Bipolar disorder, also known as manic-depressive illness, is a serious medical illness that causes shifts in a person's mood, energy, and ability to function. Symptoms of bipolar disorder are severe. They are different from the normal ups and downs that everyone goes through from time to time. Bipolar disorder symptoms can result in damaged relationships, poor job or school performance, and even suicide. But bipolar disorder can be treated, and people with this illness can lead full and productive lives.
Bipolar disorder often develops in a person's late teens or early adult years. At least half of all cases start before age 25. Some people have their first symptoms during childhood, while others may develop symptoms late in life.
A person may be having an episode of bipolar disorder if he or she has a number of manic or depressive symptoms for most of the day, nearly every day, for at least one or two weeks. Sometimes symptoms are so severe that the person cannot function normally at work, school, or home.
|Symptoms of mania or a manic episode include:||Symptoms of depression or a depressive episode include:|
There is no cure for bipolar disorder. But proper treatment helps most people with bipolar disorder gain better control of their mood swings and related symptoms. This is also true for people with the most severe forms of the illness.
Because bipolar disorder is a lifelong illness, people with the disorder need long-term treatment to keep control of bipolar symptoms. Treatment for bipolar disorder includes medication and psychotherapy.
Explore other publications and websites
Accommodating Workers With Bipolar Disorder (Copyright © Job Accommodation Network) — This publication for employers suggests workplace accommodations that can be made for employees with bipolar disorder. The article discusses the issues that can affect these individuals, offers suggestions to employers, and provides a list of resources for further information.
Bipolar Disorder — This publication provides information on bipolar disorder, the mood swings that accompany it, and where and how to receive treatment. It also lists organizations to contact for more information.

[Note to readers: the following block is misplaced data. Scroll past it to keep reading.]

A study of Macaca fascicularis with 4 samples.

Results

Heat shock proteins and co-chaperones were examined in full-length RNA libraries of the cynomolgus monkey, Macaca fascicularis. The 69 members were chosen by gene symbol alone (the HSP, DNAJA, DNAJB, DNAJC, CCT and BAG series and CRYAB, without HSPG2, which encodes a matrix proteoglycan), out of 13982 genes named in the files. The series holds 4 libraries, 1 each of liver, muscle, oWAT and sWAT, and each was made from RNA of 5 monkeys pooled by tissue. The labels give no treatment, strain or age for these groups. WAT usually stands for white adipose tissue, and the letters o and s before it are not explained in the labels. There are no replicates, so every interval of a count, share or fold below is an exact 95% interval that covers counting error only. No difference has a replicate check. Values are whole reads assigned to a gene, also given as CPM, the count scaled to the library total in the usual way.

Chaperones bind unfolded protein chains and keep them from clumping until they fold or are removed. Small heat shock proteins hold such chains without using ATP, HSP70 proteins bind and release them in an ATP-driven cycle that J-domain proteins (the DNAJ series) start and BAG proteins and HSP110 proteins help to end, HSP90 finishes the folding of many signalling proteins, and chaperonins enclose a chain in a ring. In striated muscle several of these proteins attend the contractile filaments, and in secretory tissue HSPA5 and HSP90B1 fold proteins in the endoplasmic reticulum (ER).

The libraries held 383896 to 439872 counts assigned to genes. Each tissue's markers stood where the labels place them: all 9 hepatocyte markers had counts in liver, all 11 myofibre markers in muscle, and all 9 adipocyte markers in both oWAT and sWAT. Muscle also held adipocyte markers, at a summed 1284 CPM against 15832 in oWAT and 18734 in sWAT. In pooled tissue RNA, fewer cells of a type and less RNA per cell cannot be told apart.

Bipolar Disorder (Copyright © Depression and Bipolar Alliance) — This fact sheet describes the symptoms of bipolar disorder and links to information about the types of bipolar disorder and their treatments. It also contains links to brochures for the recently diagnosed and a mood tracking calendar.
Bipolar Disorder (Copyright © National Alliance on Mental Illness) — This fact sheet briefly describes bipolar disorder, its symptoms, and its treatments. It links to fact sheets for different prescription medications used to treat bipolar disorder.
Bipolar Disorder (Easy to Read) — This easy-to-read fact sheet describes what bipolar disorder is, when it starts, and how to get help.
Bipolar Disorder and African Americans (Copyright © Mental Health America) — Many African-Americans with bipolar disorder are not getting the treatment they need. But with proper treatment, people can control bipolar mood swings and lead fulfilling lives. This fact sheet discusses the symptoms and treatments of bipolar disorder.
Managing Pregnancy and Bipolar Disorder (Copyright © National Alliance on Mental Illness) — This article summarizes the research that has been done on using medication to treat bipolar disorder during pregnancy.
Mental Health Services Locator — This website will help you locate mental health treatment facilities and support services in your state.
Myths and Facts About Depression and Bipolar Disorder (Copyright © Depression and Bipolar Support Alliance) — This fact sheet dispels common myths about bipolar disorder and depression and provides the facts about these illnesses.
What Are Bipolar Disorders? (Copyright © New York Online Access to Health) — This website provides links to online publications with in-depth information about Bipolar Disorder.
What Helps and What Hurts: When Someone You Care About Has Depression or Bipolar Disorder (Copyright © Depression and Bipolar Support Alliance) — People living with depression or bipolar disorder can have a hard time coping with feelings of hopelessness, emptiness, or worthlessness. This publication provides guidance on what to say to someone with depressive symptoms to help them cope and feel better.
Connect with other organizations
American Psychological Association
Child & Adolescent Bipolar Foundation
Depression and Bipolar Support Alliance
Mental Health America
National Alliance on Mental Illness
National Institute of Mental Health, NIH, HHS
Substance Abuse and Mental Health Services Administration
Content last updated March 29, 2010.
Resources last updated March 29, 2010.